By Madame X 2006
Being an eclectic spiritualist implies that many spiritual paths are studied, understood and harnessed. It is only natural that some paths speak more deeply to us than others, but the root of eclecticism is in drawing from each doctrine those particular elements that speak our own particular brand of Truth.
Being an eclecticist can bring us closer to those who we want to commune with, by better relating to their center of faith and their comfort level, meeting them at their personal level of understanding. Spirituality, like politics, is one of those things that we cannot easily convince someone of , it often takes years of study to understand and accept simple truths. While open minded philosophers often enjoy deep conversations on the subject, most common people do not. In fact they are often quite closed off to any ideas that diverge from their personal ideologies and will immediately discredit us as charlatans or, worst yet, be horrified by our methods and ideas. Eclecticism assists in building bridges between diverging beliefs and forming new friendships and alliances based on understanding. It also allows for a better spiritual communion between partners, or any in relationships where a spiritual bond or communion is essential.
While many of us may feel that energy based healing is a recognized and recommendable method, there are others who believe only in legitimate doctors and their medications, or in the healing power of Jesus and Mary, this to name just a few. The healing process has much to do with the chemical processes of the body, but it has also much to do with faith. The seeker must believe in the healer and in the healing method in order for any healing to take place. The seeker must allow the healer in, let them do their work, and believe wholeheartedly that the healing process is possible.
Eclecticism facilitates a spiritual connection with those who we are trying to heal, by using the seekers own beliefs as a focus. It then becomes possible, for instance, for a Reiki practitioner to help a devout Christian, and for a Shamanic healer to help a rigid scientist. The eclectic healer must learn how to use the seekers’ belief system and level of understanding as tools and focal points for the session. Of course these focal points must not conflict with the actual work, instead they should strengthen it, adding a new layer or dimension to the session. Certain tool substitutions can also be made to put the seeker at ease while the intention/consecration of the tool remains the same, i.e.: a pentacle for a Christmas star, sea water for holy water, a talking stick or wand for a crucifix, smudging sage for frankincense or for a soft scented candle…etc. Along with simple substitutions, variant connotations of the same tools can be expressed where the intent of each remains the same or is reinforced i.e.: a lit candle that expresses our inner fire can be presented as a symbol of the light of God, a tray of salt that expresses the earth’s protection can be expressed as a positively charged mineral that attracts negative ions in the room’s atmosphere…etc. It is important to maintain the focus consistent throughout the session where the seeker understands and is receptive to each tool, each prayer, and each visualization. Should the session involve different aspects from different belief systems (i.e.: a crucifix, a pentagram, a Buddha, and an inverted pentacle) the healer is now evoking a system different from eclecticism that borders more so on Chaos magic.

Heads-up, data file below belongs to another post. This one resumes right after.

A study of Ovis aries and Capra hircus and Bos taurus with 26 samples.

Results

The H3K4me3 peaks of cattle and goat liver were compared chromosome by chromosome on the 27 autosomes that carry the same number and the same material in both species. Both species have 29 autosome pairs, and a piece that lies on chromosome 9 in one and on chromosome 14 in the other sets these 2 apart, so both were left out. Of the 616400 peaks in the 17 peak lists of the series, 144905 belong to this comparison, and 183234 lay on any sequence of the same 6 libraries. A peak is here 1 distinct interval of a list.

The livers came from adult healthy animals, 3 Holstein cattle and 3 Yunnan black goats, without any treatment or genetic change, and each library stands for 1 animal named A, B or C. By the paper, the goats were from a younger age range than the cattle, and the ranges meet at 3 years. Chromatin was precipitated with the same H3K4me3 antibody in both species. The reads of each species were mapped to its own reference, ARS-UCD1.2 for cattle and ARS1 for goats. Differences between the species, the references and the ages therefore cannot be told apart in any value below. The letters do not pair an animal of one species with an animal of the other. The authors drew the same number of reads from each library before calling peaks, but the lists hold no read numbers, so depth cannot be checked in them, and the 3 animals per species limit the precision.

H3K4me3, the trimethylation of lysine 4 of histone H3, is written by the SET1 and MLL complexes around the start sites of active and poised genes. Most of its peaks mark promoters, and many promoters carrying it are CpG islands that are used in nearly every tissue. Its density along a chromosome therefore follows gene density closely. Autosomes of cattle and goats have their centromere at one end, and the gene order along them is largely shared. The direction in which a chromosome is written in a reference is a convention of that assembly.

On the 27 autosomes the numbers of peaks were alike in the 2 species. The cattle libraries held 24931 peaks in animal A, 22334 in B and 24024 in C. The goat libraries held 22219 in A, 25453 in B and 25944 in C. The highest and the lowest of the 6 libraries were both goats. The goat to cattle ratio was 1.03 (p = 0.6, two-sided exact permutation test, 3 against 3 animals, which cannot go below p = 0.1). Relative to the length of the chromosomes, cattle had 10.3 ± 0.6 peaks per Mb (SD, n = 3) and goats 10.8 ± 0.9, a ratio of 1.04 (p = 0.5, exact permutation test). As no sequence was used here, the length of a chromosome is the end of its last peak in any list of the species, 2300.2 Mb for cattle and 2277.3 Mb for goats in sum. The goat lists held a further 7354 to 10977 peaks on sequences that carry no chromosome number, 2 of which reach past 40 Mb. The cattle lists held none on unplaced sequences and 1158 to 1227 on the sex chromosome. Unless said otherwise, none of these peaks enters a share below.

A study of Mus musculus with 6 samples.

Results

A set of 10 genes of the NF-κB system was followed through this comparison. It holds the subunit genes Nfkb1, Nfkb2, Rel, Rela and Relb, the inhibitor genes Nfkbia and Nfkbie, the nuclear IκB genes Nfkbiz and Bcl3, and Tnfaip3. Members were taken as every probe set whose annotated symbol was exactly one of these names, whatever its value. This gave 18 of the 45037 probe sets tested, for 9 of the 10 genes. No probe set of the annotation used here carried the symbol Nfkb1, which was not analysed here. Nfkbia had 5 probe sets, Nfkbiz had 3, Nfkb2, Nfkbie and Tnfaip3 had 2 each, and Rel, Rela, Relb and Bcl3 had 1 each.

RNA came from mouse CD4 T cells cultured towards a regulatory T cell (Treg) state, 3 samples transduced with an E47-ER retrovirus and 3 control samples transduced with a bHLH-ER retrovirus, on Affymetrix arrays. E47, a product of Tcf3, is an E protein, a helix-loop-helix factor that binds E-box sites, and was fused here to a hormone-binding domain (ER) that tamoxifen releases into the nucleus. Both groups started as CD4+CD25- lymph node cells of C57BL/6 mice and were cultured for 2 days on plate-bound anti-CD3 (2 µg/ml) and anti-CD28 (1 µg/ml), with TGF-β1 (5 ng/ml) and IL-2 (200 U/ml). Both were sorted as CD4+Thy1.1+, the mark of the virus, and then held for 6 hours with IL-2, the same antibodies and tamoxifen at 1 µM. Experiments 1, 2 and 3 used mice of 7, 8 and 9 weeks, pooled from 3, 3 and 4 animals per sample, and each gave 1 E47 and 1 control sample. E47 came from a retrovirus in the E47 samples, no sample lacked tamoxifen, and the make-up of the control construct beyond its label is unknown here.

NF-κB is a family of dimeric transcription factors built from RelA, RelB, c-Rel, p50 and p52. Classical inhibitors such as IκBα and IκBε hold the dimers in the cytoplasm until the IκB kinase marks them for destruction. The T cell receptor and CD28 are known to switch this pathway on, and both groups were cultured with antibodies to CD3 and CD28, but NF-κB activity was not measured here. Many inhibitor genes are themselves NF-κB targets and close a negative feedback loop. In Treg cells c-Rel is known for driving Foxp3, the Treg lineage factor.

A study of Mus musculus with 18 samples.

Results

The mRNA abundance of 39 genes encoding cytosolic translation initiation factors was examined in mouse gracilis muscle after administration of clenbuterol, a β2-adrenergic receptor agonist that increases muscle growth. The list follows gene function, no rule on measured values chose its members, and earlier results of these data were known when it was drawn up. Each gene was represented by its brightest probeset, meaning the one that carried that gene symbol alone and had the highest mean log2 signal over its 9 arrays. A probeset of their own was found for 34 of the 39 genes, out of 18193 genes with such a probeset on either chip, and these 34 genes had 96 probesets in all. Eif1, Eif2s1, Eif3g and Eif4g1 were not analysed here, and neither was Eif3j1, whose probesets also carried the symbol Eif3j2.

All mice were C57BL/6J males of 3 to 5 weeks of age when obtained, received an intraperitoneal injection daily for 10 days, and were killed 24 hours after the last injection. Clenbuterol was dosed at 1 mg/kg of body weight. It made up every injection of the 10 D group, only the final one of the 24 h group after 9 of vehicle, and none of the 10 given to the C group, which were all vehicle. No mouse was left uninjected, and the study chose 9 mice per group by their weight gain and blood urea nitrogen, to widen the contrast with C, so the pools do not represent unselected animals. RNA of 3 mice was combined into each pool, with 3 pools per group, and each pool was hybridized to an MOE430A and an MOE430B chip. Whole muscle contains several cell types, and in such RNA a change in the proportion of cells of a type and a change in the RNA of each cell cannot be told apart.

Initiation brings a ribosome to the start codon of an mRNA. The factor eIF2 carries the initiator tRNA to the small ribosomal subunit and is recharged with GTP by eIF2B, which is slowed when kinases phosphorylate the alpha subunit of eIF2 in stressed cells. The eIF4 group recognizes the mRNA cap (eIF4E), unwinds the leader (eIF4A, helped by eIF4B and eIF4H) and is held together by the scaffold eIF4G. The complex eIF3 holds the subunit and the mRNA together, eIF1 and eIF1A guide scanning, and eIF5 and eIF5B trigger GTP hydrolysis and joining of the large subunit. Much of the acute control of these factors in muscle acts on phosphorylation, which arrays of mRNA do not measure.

A more detailed example of subtle yet effective substitution technique is a simple energetic banishing. The basic visualization begins with a small pinprick of bright light that grows at an accelerated rate and explodes into a ball of protective light that envelops the seeker, banishing negative influences. A simple modification focusing or Christian beliefs can be by replacing the visualization of the pinprick of light with a tiny cross of sunlight that represents the power of Jesus or God. The banishing stays the same, the focus has simply taken a slightly different form that can make a great deal of difference for the seeker.
Yet another example would be when recommending herbals or tonics. It is interesting to know that many herbs have an old magical or midwives’ name, a scientific name and a more Christian alias. A healer versed in herb lore may find it advantageous to know not only these name correspondences, but also the vitamin, nutritional and amino acid content of their favourite recommendations and their interactions with the chemical body. Honey is coincidentally loaded with vitamin B and lemon tea hydrates with vitamin C, the perfect scientific formula to ward off the common cold.
Such Eclectic Healing techniques can help us connect with those who are difficult to reach at first glance and those that we may desire to help but that we already know would be appalled with our methods. We certainly cannot expect everyone to accept our Truth, but we can certainly learn ways to present it in a light that they are more receptive to.